Timothy K. Conley


I. Introduction

In 1997 Bradley University celebrated its centennial with a symposium de voted to The University as Learning Community, a title conveying the model of Bradley as a cooperative village in which members of fairly equivalent standing are engaged in roughly similar pursuits of knowledge. The presentations at this symposium included both a range of disciplines (education, health sciences, history, physics, theater, economics, biology) and a range of disciplinary perspectives on "learning." This range of disciplines and perspectives suggested that higher education may be less a community than a battleground. "Learning," as several papers argued, may be influenced not only by unfettered access to disinterested knowledge but also by institutional structure and programs, by political and "global" forces, by textbook design and marketing, by educational philosophies (which often have been in conflict, not in concert), by cultural forces (which too often have been repressive rather than liberating), and by the interaction of technology and history.

What we find in the exploration of this particular academic community is not then limited to a tradition of excellence, everprogressing innovation, and everwidening prospects. Bradley, like many American institutions, in fact resembles a specific site of conflict just as much as it resembles a community of shared interests. This "institutional genealogy" sets out to describe the various and competing ways of knowing—the ways in which Bradley has understood itself, structured its academic programs, and justified changes.

An analysis of Bradley’s field of academic discourse reveals four institutional models. First, we find a model of knowing and learning based upon capitalist notions of investment and management. Closely related to the terms and institutional practices of this capitalist model is a second way of knowing, an athleticmilitary model which envisions education as a competition to be won through manly discipline. The history of the Parsons School move also provides evidence of the emergence of the growing legend of the maternalphilanthropic figure of Lydia Bradley. This figure is vital to two models of institutional identity which in part contradict the capitalistmilitary models: a familial model which relies upon benevolent moral supervision and a religious model which focuses on a mission to be followed according to the (changing) tenets of a sacred text expressing the founder’s intent. I argue that none of these models embodies an essential or primary way of knowing for the University. I also argue that none of these models is unique to Bradley. At the same time, however, Bradley’s historical experience of the interactions among these educational is unique. This genealogy, then, follows the complex course of descent at a specific institution and, in so doing, suggests a method of inquiry for other institutions.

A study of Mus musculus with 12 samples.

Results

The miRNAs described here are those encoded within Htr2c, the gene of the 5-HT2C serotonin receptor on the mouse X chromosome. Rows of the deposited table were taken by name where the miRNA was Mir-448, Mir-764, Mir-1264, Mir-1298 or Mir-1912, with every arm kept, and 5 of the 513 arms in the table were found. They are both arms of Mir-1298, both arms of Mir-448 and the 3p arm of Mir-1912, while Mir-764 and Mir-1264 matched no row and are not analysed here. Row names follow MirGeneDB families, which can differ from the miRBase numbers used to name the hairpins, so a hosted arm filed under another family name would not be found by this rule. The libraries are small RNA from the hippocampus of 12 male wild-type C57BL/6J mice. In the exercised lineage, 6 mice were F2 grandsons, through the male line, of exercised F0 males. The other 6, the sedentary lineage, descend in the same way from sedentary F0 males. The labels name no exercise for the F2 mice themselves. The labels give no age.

II. Powerful Ways of Knowing: The Case of the

ParsonsBradley Horological School

The 30 March 1892 agreement among Lydia Bradley, the owners of the Peoria Watch Company, and J. R. Parsons, "Proprietor of Parsons Horological Institute at La Port, Indiana" and "owner of the tools and machinery, equipment and supplies of said Institute," provided for the formation of a stock company which would control what would become the Bradley Horological School. This agreement stipulated "that Lydia Bradley will subscribe and take Thirty Thousand Dollars of the stock of said company to be paid for in cash, and the money to be used to carry the supplies necessary to conduct the business of said school and factory." The agreement also stipulated that Parsons would "conduct the school in its new quarters" (as Principal) and that Lydia would advance Parsons the funds necessary to purchase the school building in LaPorte.